Paying tax for "perks"?
Mermaidspam · 26/04/2013 11:20
Dh has recently had a promotion to a management position. He works in IT development for a medium sized company. Because of this he gets various devices to test out, check suitability for the company, basically use for a while for whatever he wants. He currently has an ipad, a laptop and a kindle fire (has had these for 6 months - 1 year, before getting the new position).
He has just got an ipad mini but has been told that he needs to pay tax (not much - about £40 a year) on this as it is considered a "perk".
Also, he has just text to say the other items need to be handed back in because, otherwise he will have to pay the same amount of tax for each of these (so £160ish in total).
I know absolutely nothing about tax, so just wondered if someone could tell me if this was right?
Dh says "any second device which is mobile is now considered a perk. It's a tax dodge that the company are trying to palm off on us".
Essentially, AIBU to think that if testing an item is part of your job, you shouldn't have to pay anything for that item? I don't particularly care about the amount of £, it's the principal.
Justforlaughs · 26/04/2013 11:45
I know that you have to pay for perks, but I don't think you should have to pay for something that is part of your job. That's ridiculous. I suppose the only way round it is to only test during working hours. If everyone did that then the company would probably change their policy as they would spend far more in the extra wages than they will save through the tax breaks they get.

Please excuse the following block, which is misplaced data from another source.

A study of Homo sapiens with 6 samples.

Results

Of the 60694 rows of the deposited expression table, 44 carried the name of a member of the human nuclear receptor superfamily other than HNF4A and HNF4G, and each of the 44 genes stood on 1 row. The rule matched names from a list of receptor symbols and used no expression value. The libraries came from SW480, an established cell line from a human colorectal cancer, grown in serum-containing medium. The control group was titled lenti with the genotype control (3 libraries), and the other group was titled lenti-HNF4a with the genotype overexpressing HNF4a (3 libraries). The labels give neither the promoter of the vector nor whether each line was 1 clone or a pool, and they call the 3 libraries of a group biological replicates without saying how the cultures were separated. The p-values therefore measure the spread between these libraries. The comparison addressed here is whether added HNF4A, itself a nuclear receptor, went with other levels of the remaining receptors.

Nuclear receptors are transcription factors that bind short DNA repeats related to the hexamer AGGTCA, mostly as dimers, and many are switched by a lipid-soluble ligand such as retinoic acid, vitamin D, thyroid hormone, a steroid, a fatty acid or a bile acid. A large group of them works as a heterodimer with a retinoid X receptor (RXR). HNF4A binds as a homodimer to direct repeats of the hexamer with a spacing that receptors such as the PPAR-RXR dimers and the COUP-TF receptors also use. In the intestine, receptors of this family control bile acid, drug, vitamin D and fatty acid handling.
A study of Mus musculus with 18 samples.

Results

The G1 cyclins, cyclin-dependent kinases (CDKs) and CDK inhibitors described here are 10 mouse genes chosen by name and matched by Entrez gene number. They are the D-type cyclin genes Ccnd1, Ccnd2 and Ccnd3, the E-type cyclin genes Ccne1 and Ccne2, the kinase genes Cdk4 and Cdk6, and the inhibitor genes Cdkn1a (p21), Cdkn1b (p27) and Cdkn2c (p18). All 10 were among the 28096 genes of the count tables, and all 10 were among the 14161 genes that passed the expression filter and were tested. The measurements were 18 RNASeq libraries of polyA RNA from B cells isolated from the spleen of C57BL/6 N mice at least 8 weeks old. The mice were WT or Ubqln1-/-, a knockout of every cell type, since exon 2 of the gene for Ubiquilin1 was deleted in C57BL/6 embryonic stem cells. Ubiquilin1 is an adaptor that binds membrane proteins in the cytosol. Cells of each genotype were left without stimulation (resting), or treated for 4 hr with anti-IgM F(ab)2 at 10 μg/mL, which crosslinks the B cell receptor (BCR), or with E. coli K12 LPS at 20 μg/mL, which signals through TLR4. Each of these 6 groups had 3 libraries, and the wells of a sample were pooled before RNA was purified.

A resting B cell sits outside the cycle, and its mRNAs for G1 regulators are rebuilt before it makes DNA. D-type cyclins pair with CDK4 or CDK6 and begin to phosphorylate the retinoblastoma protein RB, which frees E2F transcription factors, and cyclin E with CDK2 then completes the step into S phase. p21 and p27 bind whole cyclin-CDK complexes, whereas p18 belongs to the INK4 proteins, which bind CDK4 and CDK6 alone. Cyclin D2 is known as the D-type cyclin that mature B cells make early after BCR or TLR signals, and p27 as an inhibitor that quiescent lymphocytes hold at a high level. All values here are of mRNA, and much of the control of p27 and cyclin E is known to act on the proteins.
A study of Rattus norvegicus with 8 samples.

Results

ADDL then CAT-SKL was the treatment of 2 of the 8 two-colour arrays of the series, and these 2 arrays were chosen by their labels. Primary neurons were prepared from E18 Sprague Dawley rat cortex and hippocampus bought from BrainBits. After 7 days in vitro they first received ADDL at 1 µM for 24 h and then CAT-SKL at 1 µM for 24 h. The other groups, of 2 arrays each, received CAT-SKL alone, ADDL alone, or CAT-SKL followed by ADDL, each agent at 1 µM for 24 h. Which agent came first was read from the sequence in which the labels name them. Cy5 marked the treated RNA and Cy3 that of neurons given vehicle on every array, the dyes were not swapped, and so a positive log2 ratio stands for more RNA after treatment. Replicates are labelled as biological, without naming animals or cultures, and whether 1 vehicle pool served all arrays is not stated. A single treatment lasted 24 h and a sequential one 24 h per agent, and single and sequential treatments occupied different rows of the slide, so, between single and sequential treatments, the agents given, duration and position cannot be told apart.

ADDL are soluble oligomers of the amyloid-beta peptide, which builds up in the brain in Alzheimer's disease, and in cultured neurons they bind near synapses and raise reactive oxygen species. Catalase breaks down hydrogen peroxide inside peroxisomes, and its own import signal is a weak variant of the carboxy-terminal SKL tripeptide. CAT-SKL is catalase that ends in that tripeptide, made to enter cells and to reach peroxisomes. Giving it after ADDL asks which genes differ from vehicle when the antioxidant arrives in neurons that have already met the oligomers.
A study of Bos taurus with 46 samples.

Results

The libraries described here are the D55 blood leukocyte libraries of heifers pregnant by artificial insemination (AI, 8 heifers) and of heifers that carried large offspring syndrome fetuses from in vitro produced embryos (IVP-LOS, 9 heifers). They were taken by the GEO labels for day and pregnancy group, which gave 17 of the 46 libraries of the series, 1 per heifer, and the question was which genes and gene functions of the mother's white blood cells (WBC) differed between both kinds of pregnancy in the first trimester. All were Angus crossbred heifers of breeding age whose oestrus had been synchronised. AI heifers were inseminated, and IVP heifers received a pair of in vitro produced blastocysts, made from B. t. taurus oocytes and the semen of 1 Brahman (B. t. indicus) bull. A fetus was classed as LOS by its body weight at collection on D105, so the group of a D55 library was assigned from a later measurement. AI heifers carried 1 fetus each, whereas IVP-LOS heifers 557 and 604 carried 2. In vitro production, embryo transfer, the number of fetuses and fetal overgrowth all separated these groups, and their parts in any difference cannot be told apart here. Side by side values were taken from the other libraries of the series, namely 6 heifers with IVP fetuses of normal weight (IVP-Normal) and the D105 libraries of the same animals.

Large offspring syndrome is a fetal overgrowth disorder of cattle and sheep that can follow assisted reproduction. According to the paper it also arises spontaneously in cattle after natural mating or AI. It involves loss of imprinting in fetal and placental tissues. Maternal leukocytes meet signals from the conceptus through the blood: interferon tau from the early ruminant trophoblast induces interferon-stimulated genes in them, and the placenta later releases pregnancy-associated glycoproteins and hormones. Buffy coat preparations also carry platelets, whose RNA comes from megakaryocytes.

PigletJohn · 26/04/2013 11:53
I am struck by you saying "the other items need to be handed back"
Had you been thinking of them as presents to the family? If they were, then they would be taxable. If they were being used for business purposes or temporary testing (and then returned) they would not be.
It is also not unusual for other staff to say "Scroggins gets an ipad and a kindle and a coffeemaker all for free, why don't I ever get anything?" and if they are treated as gifts, this is a more awkward question.
As I see it.
Fillybuster · 26/04/2013 11:56
as I understand it, if he has them for testing/business purposes then they are not taxable or a perk, and the company possibly has its knickers in a twist.
if he gets to keep them full time, then they are a possibly a perk, but only if he doesn't need them for his job.
niceguy2 · 26/04/2013 12:02
The bottom line is this:
If the item in question is used 100% solely for business use and your DH can demonstrate this then there is no tax to pay. It simply isn't taxable.
The fact that you say that both you & your DD use it leads me to think that actually there is non-business use of said devices and so HMRC are perfectly entitled to say that there is 'benefit in kind' and so it is taxable.
ShellyBoobs · 26/04/2013 12:26
Dh says "any second device which is mobile is now considered a perk..."
That's because it's reasonable to say he needs a mobile phone or other device for contact when out of the office but it's not necessary to have 2 devices capable of the performing the same function.
Hence having 2 implies that there is a BIK rather than a business need.